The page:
Philadelphia Delegation Commits to Fighting Philadelphia's Poverty Problem
Philadelphia is known for lots of things. The birthplace of our nation. The City of Brotherly Love. Music and culture and cheesesteaks. Super Bowl Champions, the Philadelphia Eagles. And, of course, Gritty.
But Philadelphia is also known for something that doesn’t seem to be getting better. It passes from one generation to the next. It holds entire communities back from reaching their potential. It’s a statistic many of us know, but may think it too complicated, too messy to tackle, once and for all.
That thing is poverty—particularly intergenerational poverty Poverty has challenged the City’s policymakers, politicians, companies and residents for decades. And, despite numerous attempts to break the cycle of poverty that grips too many of our fellow Philadelphians, the City’s poverty rate in 2017 remained at the exact same level as it was in 2006—roughly 27%, with 14% of those in deep poverty. Among millennials living in Philadelphia, approximately 30% live in poverty.
The issues that cause poverty are complex. They do not exist in a vacuum. Poverty itself is a trauma, and those trapped in its cycle are more likely to suffer low wages, education inequalities, housing insecurities, hunger, incarceration and even up to 20-year decrease in life expectancy.
First, we, as Philadelphia community members must come together to agree that this scourge, this statistic, should no longer be a part of Philadelphia’s identity.The next step? A comprehensive plan that engages all levels of government--City, State and Federal--and treats poverty reduction like the urgent policy crisis that it is. Fortunately, Philadelphia has such a plan, and it’s why Philly Set Go is proud to support the Philadelphia House Delegation’s Philadelphia Platform. Plus, Philly Set Go is particularly proud that two of our endorsed candidates, Morgan Cephas and Jared Solomon, are co-authors of the Philadelphia Platform.
The Philadelphia Platform is built on four planks, each designed to combat a unique challenge posed by poverty. The four planks are: (1) Workforce Development & Education; (2) Developing Commercial Corridors; (3) Criminal Justice and Public Safety Reform; and (4) Improving Philadelphia’s Exports and Imports. To read more about these planks, click here.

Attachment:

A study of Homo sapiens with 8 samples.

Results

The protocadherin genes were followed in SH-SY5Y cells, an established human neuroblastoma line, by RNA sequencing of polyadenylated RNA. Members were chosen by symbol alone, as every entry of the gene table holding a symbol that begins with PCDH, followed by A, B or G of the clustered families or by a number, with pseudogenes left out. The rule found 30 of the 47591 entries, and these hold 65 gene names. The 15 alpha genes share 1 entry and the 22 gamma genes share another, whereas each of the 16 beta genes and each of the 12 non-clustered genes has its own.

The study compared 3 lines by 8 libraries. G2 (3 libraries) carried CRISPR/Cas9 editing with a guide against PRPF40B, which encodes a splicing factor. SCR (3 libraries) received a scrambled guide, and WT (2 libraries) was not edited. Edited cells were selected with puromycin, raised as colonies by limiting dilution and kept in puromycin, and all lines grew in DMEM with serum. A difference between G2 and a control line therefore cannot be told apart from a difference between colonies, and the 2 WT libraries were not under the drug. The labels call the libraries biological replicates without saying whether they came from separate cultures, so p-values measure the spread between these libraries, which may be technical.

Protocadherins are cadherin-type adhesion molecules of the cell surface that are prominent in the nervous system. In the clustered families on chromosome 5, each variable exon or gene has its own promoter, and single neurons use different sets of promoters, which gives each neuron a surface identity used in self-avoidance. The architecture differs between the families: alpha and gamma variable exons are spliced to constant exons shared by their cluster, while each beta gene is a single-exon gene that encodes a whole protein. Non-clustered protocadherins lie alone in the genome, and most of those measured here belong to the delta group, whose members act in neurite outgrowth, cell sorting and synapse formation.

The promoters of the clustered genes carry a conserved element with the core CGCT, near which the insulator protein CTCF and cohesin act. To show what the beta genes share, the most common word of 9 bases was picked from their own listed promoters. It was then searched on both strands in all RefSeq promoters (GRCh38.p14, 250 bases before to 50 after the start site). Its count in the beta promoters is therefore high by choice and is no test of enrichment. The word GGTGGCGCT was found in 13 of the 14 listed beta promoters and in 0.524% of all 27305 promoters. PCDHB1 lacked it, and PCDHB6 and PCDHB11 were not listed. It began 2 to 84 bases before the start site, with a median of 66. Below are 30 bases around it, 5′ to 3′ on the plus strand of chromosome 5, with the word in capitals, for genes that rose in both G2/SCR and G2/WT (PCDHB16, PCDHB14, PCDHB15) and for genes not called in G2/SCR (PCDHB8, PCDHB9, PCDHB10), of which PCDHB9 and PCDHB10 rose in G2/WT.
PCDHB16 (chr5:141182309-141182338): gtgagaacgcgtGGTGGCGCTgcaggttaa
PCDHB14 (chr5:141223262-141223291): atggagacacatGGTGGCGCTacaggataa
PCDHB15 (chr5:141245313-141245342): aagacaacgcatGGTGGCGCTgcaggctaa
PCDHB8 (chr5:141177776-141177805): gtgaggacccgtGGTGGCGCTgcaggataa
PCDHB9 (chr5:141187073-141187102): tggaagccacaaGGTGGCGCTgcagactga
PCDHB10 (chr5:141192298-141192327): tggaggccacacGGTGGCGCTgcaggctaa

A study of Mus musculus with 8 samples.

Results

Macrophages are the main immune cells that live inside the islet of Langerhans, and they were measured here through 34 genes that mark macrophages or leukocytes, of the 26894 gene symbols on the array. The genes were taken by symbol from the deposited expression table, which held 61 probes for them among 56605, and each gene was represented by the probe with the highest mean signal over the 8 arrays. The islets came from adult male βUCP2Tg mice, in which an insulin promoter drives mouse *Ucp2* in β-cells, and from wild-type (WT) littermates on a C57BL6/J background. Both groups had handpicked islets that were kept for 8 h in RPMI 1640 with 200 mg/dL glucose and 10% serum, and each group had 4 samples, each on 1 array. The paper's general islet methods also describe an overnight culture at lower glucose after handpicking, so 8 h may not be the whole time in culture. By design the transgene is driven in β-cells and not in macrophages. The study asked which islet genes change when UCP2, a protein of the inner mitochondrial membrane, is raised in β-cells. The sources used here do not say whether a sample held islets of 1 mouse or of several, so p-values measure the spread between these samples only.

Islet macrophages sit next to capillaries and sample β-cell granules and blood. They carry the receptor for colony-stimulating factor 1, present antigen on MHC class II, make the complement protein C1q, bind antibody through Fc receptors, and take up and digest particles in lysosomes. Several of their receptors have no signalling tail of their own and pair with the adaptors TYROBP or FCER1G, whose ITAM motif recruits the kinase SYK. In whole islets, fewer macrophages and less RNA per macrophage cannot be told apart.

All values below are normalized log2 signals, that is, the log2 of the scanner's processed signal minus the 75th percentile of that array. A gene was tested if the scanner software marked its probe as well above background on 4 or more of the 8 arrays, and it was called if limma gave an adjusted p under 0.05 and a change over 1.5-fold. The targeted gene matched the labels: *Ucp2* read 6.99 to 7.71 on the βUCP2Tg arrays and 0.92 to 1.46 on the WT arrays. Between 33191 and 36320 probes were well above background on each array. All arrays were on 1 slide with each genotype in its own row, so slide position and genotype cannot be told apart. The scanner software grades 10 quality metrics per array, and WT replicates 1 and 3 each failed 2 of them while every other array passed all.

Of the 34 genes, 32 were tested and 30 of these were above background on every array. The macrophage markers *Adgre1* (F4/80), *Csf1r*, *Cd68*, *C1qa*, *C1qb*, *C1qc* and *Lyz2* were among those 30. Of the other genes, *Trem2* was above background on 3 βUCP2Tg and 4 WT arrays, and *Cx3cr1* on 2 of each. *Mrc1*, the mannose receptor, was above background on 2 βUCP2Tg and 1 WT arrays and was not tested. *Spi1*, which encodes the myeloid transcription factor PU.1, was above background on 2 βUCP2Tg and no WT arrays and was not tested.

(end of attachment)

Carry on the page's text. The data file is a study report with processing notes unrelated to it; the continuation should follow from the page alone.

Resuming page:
Why is the Philadelphia Platform unique? It recognizes n that Philadelphia’s economic competitiveness and job growth are key factors in fighting poverty. . The Platform focuses heavily on developing the City’s streets and neighborhoods, increasing access to capital for small and medium size companies to grow and add more jobs, and developing the Port of Philadelphia and the Airport to make the export of goods manufactured here in Philadelphia more efficient.
The Plan also recognizes that Philadelphia’s greatest resource is its residents, and developing Philadelphia’s human capital through enhanced education and workforce development opportunities is critical to eradicating poverty. The Philadelphia Platform embraces the idea that government must supply individuals with the tools necessary for them to break the cycle of poverty that crushes their hopes and dreams. After all, the greatest poverty reduction strategy is the effort and ingenuity of our fellow Philadelphians.
In the final analysis, Representative Solomon believes this plan will succeed because “we need a unified vision for how we want to uplift people out of poverty and put people to work and this vision must be an accountability document where citizens can judge the progress we are making over the next two years. By being bold we are getting buy in from people all over the city, stakeholders, and colleagues on the other side of the aisle.”
Philly Set Go was founded to support politicians that wanted to efficiently, ethically, and transparently combat the policy issues that challenge our City and Commonwealth. The Philadelphia Platform is an example of what happens when politicians embrace that creed and start working together to help us achieve the City we deserve—a City where one and four residents do not live in poverty, a City where zip-code doesn’t determine destiny and a City where poverty has been replaced by opportunity.